Giacomo Puccini’s opera “Madame Butterfly” is the story of Cio-Cio San, a geisha known as Madame Butterfly, and Lt. Pinkerton, a U.S. Naval officer with whom Butterfly has a contracted marriage (“Cio-Cio San” is from the Japanese word for butterfly). Inland Northwest Opera is presenting “Madame Butterfly” on Friday and Sunday at the Martin Woldson Theater at the Fox.
Cuban American soprano Elizabeth Caballero leads the cast as Cio-Cio San, and her stage director, Fenlon Lamb, and The Spokesman-Review critic Larry Lapidus have nothing but high praise for Caballero, who chatted about the iconic and tragic role last month. Here are highlights of the conversation:
The role of Cio-Cio San is difficult music, and you have performed the role three times, the first in 2012 for Kansas City Lyric Opera. What makes Cio-Cio San such a standout among roles, and what have you learned?
It’s a role that requires a lot of stamina. You’re onstage the entire time. From Act 1, you don’t leave the stage until intermission, and from Act 2, you’re there the entire time. In this production, there is no break between Acts 2 and 3. I don’t mind it, though, because it’s for dramatic effect. This role teaches you stamina. It taught me when and where to be a smart singer and where to save my voice.
Puccini wrote it very well for the voice, for sopranos, and was very kind to this role. When you listen to her, the orchestra is very quite light, while with Pinkerton, it is a lot of brass. It’s light in trying to imitate delicate Asian flair. This is an Italian’s take on Japanese culture, so it’s not very accurate, but it is very beautiful.
How do you mentally prepare for your role in “Madame Butterfly” and get that personal connection?
I don’t know … I honestly just enjoy the challenge of acting the role, of waiting for too long for someone. It’s not five minutes at a coffee shop – it’s waiting months for someone to come home. It’s what it feels like for the longing and waiting.
What can audiences expect with you performing in “Madame Butterfly” on Sept. 20 and 22 at Fox Theater in Spokane?
I hope that audiences will realize that this is my interpretation of the role, an iconic role that has been performed by some amazing women over the years. This is my instrument, my voice and my interpretation in the most respectful way possible, and I hope that they will enjoy it.
Having immigrated to the U.S. as part of the Mariel Boatlift, how do your family roots as an immigrant enter into the role?
That’s an interesting question, and I don’t really have an answer. What I will say is that I am very grateful that I grew up in the United States. I am a citizen by choice, and I love the United States. I am who I am because of my upbringing here in the USA.
What was your first operatic role?
It was Micaela in “Carmen.” I remember that I had to go down a lot of steps carefully singing my aria. I was young and naïve and thought to myself the entire time, “Please don’t fall down the stairs!”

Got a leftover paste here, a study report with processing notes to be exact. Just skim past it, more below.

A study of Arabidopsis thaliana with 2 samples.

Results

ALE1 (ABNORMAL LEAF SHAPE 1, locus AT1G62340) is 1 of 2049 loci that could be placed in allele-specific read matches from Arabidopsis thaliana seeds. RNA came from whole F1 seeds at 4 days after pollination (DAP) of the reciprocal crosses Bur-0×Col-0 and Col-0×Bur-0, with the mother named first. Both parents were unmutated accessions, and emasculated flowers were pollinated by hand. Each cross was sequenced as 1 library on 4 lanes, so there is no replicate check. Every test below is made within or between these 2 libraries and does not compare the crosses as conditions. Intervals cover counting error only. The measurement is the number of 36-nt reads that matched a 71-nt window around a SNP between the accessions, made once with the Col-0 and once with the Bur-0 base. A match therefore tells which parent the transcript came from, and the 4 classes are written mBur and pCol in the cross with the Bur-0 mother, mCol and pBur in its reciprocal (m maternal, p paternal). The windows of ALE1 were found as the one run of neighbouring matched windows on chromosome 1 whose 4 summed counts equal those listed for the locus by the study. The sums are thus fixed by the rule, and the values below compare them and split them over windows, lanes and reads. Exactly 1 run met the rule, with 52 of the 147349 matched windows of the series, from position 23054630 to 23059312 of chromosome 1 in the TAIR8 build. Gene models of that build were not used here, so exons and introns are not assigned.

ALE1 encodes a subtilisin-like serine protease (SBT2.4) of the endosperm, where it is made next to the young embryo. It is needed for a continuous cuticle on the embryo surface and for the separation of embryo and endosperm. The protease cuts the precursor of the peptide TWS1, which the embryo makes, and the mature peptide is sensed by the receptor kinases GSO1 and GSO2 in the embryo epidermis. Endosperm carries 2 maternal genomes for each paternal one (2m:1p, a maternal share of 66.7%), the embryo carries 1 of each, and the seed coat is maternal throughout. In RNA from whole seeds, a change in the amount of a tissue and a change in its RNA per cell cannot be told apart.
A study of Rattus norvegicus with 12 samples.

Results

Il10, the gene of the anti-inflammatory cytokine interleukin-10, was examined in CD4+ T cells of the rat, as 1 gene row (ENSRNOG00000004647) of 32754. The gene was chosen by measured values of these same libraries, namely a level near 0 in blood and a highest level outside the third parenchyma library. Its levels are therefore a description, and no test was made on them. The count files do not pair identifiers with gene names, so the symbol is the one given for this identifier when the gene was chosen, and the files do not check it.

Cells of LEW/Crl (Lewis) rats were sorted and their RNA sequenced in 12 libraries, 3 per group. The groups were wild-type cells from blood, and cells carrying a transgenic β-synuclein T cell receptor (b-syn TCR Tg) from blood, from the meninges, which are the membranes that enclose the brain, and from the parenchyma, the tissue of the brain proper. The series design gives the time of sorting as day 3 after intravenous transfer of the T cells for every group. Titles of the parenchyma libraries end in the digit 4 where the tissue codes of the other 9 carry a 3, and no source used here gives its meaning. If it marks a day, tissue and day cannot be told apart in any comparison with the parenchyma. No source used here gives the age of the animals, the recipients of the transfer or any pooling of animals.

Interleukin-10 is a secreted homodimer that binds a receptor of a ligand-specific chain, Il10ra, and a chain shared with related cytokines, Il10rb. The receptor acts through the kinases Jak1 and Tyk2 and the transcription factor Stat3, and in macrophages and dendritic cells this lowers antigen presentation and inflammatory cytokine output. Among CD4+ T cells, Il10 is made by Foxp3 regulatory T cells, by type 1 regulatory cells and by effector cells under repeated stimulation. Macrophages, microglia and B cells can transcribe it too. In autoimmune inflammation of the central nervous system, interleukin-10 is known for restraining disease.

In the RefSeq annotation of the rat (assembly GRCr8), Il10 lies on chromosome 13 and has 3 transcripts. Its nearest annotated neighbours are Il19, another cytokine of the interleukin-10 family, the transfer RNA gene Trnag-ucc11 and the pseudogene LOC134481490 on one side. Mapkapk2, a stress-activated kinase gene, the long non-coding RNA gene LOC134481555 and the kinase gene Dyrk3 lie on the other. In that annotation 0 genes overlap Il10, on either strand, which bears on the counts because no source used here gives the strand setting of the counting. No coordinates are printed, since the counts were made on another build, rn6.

You made your Met debut in 2009 as Frasquita in Bizet’s “Carmen.” Fast forwarding one decade to about a year ago, you stepped in for another Met performer on March 2, 2018, for the leading role in “La Boheme.” What was it like to jump in on such a major role for the Met?
It was awesome! It didn’t hit me while singing, “I’m in one of the greatest theaters in the world!” But until my curtain call, I was doing my job as the understudy. And after performing, I looked out at the audience in the theater and thought, “Oh, my God! I just sang at the Met!” A friend in the audience recorded it, so I have that forever memory.
How do you prepare the day before or day of a performance?
I go about my normal, everyday routine. I have my coffee in the morning, but I do keep quiet and keep to myself. People text me. Thank God for text messages! I vocalize a little to make certain that my voice is in working order. For “Butterfly,” I try not to sing too much. I’ll practice a D flat in the opening, and if it’s there, I’m good to go. It’s a long night, and I don’t want to use it all in the dressing room.
This is your 20th year in opera. What do you find most rewarding about opera – and most challenging?
I am so lucky that I get to play make believe for a living. I love the spontaneity. I’m very lucky. It never really feels like work. Travel is the most challenging because I’m a homebody. I miss my knives and pots and pans when we’re staying in hotels. I miss the little things – I miss my towels and bed.
What roles still await you in opera – what is your dream role?
I don’t really have a dream role because I’m so happy with the girls who have come into my life. I keep being asked about “Tosca,” another Puccini girl. I’ve said no a couple times because it’s a challenge I don’t want to take on now. I have been wise in the roles that I’ve taken. When the time comes for Tosca and I have no apprehension, maybe it will become time to say yes.
What do you do for fun when you’re not performing?
I love entertaining. I love having people over and feeding them. When I retire, I want to buy a bed-and-breakfast. I am always the entertainer. I like to cook anything – Cuban food, Argentinean food, Italian food. I enjoy making people happy. My happiness is everyone’s happiness.